Back on December 8, 2011, the Wall Street Journal disclosed something interesting in light of recent political news, namely, billionaire investor Warren Buffett’s Berkshire Hathaway conglomerate recently obtained an exception from a SEC disclosure rule. It turns out Buffett has sought SEC confidentiality exemptions in no less than 10 of the past 20 quarters, according to the WSJ article below.
Given Mr. Buffett’s recent political activism, it is interesting he has opted to keep Berkshire investments in the dark. It is also interesting because of Mr. Buffett’s advocacy of higher tax rates, though he personally carefully structures his own income to minimize his own taxes. Perfectly legal, but an example of “do as I say, not as I do”.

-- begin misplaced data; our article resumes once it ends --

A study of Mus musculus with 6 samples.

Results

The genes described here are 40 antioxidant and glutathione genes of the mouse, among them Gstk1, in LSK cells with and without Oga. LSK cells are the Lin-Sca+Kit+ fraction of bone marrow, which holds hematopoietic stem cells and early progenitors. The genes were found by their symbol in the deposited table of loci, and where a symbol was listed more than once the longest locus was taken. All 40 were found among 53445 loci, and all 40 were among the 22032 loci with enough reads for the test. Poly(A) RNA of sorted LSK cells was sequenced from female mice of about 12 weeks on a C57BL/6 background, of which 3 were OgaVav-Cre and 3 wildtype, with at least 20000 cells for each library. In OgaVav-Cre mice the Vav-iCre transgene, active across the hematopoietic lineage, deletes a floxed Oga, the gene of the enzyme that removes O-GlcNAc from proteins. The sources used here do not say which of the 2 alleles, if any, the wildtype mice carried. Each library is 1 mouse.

The rationale for the SEC exemption is certain high-profile investors, like Mr. Buffett’s firm, could be harmed if people know about their investing activities. Presumably, though, any firm is at a competitive disadvantage to have to disclose their holdings to their competitors. The WSJ reports:
“Fifty money managers have used Securities and Exchange Commission rules to keep confidential their stakes in certain companies so far this year, an analysis of securities filings shows. The longstanding practice got a new burst of attention last month when billionaire Warren Buffett’s Berkshire Hathaway Inc. disclosed a $10.7 billion bet on International Business Machines Corp. The Omaha, Neb., conglomerate had been secretly accumulating the shares since March, twice receiving an exemption from the SEC on a 36-year-old law that requires investment firms owning more than $100 million in publicly traded stocks to disclose their holdings quarterly.”
Disclosure: at the time of this writing, the author was a long-term owner of Berkshire Hathaway stock. SEC building picture from Wikipedia Commons.